ASK THE EXPERT: A Conversation with Gravity Sun Power’s Martin Young
Text: Cass Collins
Although sun lover Martin Young of Gravity Sun Power and Gravity Ice Cream in Honesdale PA spends part of his winters in Jamaica, West Indies, Our Country Home was able to catch up with him to get his views and hear his advice on solar power installation. Young has since returned to his home in Northeast Pennsylvania.
Here is our conversation.
OCH: I’m curious about the name of your company, Gravity Sun Power. What’s the origin?
MY: We named our company Gravity Management after the old Gravity Railroad system in Honesdale [see Editor’s Note]. We began with Gravity Bowling, which is a public bowling alley, and the ice cream shop, Gravity Ice Cream. The solar energy company was a natural extension of that.
OCH: How did you become interested in solar energy?
MY: I’ve always been interested in it. When the SEEDS group [Sustainable Energy Education and Development Support] offered courses in wind and solar power, I signed up. In order to qualify for the Pennsylvania State Sunshine Program, you have to have a certified installer. The only way for Pennsylvania residents to get rebates under the program is to have an approved installer submit an application to the state. [Editor’s Note: the maximum incentive for a residential Photovoltaic system is the lesser of $7,500 or 35% of installed costs.] I had enough free time, unlike many contractors in the area at the time, to take these courses and I got the first certification under the state program. Only a few local contractors have it.
OCH: What do you like about solar power?
MY: Besides its environmental benefits, it’s just a good investment. The only drawback is the big first step, the initial cost.
OCH: How good an investment is it?
MY: In this economy it’s better than a CD or the stock market, even. The recoup of investment is five to six years in Pennsylvania, with a 15 to 18% return over the life of the system.
OCH: How long do the systems last?
MY: There is only one moving part and that’s the inverter, which has a 15-year warranty. The panels are guaranteed for 25 years. It’s a solid system economically, with new technological advances in manufacturing capability, meaning larger production volumes. The prices dropped dramatically over the last two years. For one thing, contractors are able to buy larger quantities to keep costs down.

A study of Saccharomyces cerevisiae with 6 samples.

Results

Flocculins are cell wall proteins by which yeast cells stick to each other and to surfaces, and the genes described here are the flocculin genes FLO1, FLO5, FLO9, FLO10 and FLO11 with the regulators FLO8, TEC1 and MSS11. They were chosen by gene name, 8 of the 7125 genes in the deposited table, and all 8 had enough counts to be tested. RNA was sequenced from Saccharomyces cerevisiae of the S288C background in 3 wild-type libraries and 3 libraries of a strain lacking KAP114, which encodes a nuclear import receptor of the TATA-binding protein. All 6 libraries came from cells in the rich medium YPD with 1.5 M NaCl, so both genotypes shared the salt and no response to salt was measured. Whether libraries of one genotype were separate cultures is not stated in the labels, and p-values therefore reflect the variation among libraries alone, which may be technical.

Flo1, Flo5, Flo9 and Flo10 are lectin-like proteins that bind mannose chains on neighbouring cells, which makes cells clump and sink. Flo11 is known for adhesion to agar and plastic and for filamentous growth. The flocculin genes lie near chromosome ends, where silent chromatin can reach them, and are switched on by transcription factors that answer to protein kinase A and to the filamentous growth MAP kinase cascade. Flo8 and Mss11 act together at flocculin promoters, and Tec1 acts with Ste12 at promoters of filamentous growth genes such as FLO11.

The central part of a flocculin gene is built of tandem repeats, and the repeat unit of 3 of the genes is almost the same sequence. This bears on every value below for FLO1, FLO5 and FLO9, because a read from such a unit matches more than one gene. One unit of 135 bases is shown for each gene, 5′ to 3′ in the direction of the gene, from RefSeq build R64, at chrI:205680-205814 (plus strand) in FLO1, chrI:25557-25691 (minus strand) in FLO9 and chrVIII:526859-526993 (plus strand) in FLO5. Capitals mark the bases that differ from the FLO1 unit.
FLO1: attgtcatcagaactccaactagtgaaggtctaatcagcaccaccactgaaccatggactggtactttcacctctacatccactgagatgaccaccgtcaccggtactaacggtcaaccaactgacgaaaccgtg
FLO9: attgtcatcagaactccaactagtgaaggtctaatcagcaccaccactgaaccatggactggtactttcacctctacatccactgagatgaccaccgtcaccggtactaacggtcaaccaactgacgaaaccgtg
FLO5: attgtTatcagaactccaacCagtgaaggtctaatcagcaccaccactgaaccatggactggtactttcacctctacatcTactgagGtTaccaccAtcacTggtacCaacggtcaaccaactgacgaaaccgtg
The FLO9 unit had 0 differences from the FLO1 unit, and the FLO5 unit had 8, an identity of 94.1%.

OCH: Where are the panels made?
MY: All over the world, in Asia, the U.S., Germany. German products are the most mature. We use a lot of German-made panels because of the quality and track record.
OCH: How do I know if solar power is a good choice for me?
MY: We come out to your house and do a site analysis. You need a south-facing area that gets clear sun from 9 a.m. to 3 p.m. It also depends on what your goals are—full offset of energy costs or credit as income. That determines the design. We can do roof-mounted or ground-mounted panels. We give you a cash-flow proposal with alternatives.
OCH: Who are your customers?
MY: Generally, they are more mature homeowners looking for a green investment that makes good financial sense.
OCH: Do you do installations in New York?
MY: The New York incentive program is not as good as Pennsylvania’s.
OCH: How does solar energy work?
MY: Solar panels gather DC power from the sun. An inverter changes the DC power to AC and it is fed into the main electrical system during the daytime. If the panels make more power than is used, the meter turns backward, generating a credit to the homeowner.
OCH: What about batteries?
MY: You don’t need batteries. In fact, back-up batteries decrease output by 10%. A back-up generator is a better bet for power outages.
OCH: What kind of commitment would I have to make to get an estimate for a solar power system?
MY: You have to commit to be there when I get there [laughing].
OCH: Anything else you’d like to say to people who are thinking about solar energy?
MY: Educate yourself. There is lots of good information out there. The SEEDS group in Tyler Hill, PA is a community-based information organization (seedsgroup.blogspot.com, 570/224-0052.) Solar energy a great thing, but each project has to make financial sense.
Martin Young and Gravity Sun Power, 106 6th Street, Honesdale, PA 18431, can be reached at 570/243-1786 or www.gravitysunpower.com. This address is also houses Gravity Alley and Gravity Ice Cream.
All the businesses at 106 6th Street are powered by solar energy panels placed on the rooftop.
[Editor’s Note: According to the Minisink Valley Historical Society’s website, the D&H Gravity Railroad carried cars from Carbondale, PA, through Waymart, to Honesdale where it delivered them to D&H canal boats. The D&H Canal Company planned to transport coal from the mines in Carbondale to the Hudson River entirely by canal. However, the availability of water at the summit and the number of locks needed to scale the Moosic Mountains between Carbondale and Honesdale precluded this plan. A “gravity railroad” was the solution, and construction began in 1827. Designed by D&H Chief Engineer John B. Jervis, it utilized a series of inclined planes and steam engines to pull carloads of coal up and over the Moosic Mountains, a rise of almost 1,000 feet.]